My husband and I went shopping for a larger kitchen table. We found one that seemed to fit our needs - an extension table made from certified sustainable white oak from America that was shipped to Malaysia to be turned into a table that was for sale in an English shop for 600 Pounds. There was something terribly wrong with that.
Like the characters in TAKEN ABACK, British men and women sacrificed, struggled, and died to maintain an empire that stretched across the globe so that they might relieve the occupied lands of their finest and most coveted resources - spices and gems, lumber and dyes, minerals and metals.
Having cut most of their native hardwoods to build a navy to uphold that empire, Britain searched for a new supply of exotic woods for furniture making. Acacia, red cedar, redwood, rosewood, alder, basswood, teak, tupelo, chestnut, satinwood, cherry, ebony, hickory, ironwood, maple, red oak, and lesser-known and rarer hardwoods for inlays and veneers delighted the fingers of British carvers and joiners.
By the 18th century, artisans like Chippendale, Hepplewhite, and Sheraton advertised their fine furniture in catalogues as "must-haves" for the new upper class whose wealth, most likely, was generated in the colonies. Any reader who has seen Antiques Roadshow can attest to the fact that survivors of these furniture makers are highly valued today.
But what of the more common mass-produced, but still amazing pieces from the 19th and early 20th century - the so-called "brown" furniture?
My grandfather wanted to be a surgeon, but fortunes changed in the troubling years between the world wars. He dropped out of his studies and ended up being a switch operator for the Pennsylvania and Ohio Railroad Company. During the Great Depression, he was laid-off from that job. Months went by with no paycheck and the family faced some desperate times. He had built his home from lumber that he cut from his own land and that gave him the confidence and the idea to make furniture to sell in order to generate an income. He had the tools and the trees. He cut walnut and cherry, went to the library to read books on early American furniture design, and built incredible cabinets, trunks, chests, tables, and beds. One big problem - the depression! No one could afford to buy his furniture. So, lucky for me, most of it remained in the family. They are wonderful reproductions of federal-style furniture. Even today, the finely finished surfaces feels like silk, the joins are solid, and the perfectly dove-tailed drawers move quietly with no effort. Growing up with that furniture taught me the worth of good quality!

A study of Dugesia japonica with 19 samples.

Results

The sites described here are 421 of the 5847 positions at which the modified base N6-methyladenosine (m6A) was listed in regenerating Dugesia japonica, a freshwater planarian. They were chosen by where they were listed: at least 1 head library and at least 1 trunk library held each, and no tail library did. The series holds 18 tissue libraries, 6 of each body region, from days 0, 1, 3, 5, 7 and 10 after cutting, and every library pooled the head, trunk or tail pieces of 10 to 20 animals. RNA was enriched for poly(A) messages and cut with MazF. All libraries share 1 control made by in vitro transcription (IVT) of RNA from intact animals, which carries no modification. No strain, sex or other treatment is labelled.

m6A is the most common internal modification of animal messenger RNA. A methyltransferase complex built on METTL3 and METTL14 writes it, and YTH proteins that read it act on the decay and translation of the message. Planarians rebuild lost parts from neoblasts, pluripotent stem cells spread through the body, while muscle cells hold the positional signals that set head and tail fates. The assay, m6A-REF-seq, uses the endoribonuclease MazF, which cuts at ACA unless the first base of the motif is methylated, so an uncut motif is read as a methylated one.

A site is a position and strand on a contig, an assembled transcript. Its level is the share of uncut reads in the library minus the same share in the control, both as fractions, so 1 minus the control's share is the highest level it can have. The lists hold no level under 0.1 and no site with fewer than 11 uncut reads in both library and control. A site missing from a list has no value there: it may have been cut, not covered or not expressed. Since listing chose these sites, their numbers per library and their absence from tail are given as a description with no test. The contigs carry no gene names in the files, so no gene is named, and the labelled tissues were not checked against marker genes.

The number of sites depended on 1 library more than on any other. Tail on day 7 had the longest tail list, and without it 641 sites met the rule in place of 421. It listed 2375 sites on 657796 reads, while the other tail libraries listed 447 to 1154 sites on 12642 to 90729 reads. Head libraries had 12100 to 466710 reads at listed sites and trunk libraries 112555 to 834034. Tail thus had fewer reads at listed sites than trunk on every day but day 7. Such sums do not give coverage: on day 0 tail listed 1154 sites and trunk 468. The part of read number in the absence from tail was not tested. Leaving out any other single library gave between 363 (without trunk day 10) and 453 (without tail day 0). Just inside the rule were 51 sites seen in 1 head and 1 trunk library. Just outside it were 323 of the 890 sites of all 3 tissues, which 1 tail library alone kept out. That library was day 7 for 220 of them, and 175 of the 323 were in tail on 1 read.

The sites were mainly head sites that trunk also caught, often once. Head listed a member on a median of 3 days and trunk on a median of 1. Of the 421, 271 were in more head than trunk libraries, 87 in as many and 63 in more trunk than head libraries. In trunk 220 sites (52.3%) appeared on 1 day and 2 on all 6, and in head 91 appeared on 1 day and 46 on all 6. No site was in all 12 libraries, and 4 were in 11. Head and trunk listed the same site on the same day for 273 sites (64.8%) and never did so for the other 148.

Granted, some of the cheaper mass-produced "browns" are not worthy of this conversation, but many are quite sound, made from good wood, and in quality are light-years above the laminated chipboard junk purchased in flat-packs and held together by resin and plastic. Far from stuffy and boring, the "browns" often sport a patina that hums the secrets of its mysterious past - our past.
The British fought with blood and souls to keep the empire. Out of respect for them and for the citizens of those nations who gave up their resources - willingly or otherwise - we are bound to keep those magnificent and functional works of art. Would it not be better to fill a child's room with unmatched yet interesting antique furniture -- your mirror, darling, is framed in rosewood from China, and this chest is teak from Malaysia with ebony handles from Africa, and that lovely West Indian mahogany wardrobe is made from wood that is now very rare.
So, what did we do about our kitchen table? At Chippenham Auction House, we bid 100 Pounds on a lovely pine table with beautifully turned legs. The auction house delivered it for a nominal fee. We stripped it, sanded it, and slapped on a coat of varnish. Ta-dah!
I end with this plea: let's put British "browns" back in fashion! It may have been a wrong to take the materials from the colonies all those years ago, but it would be a double-wrong to see them end up in the recycling center!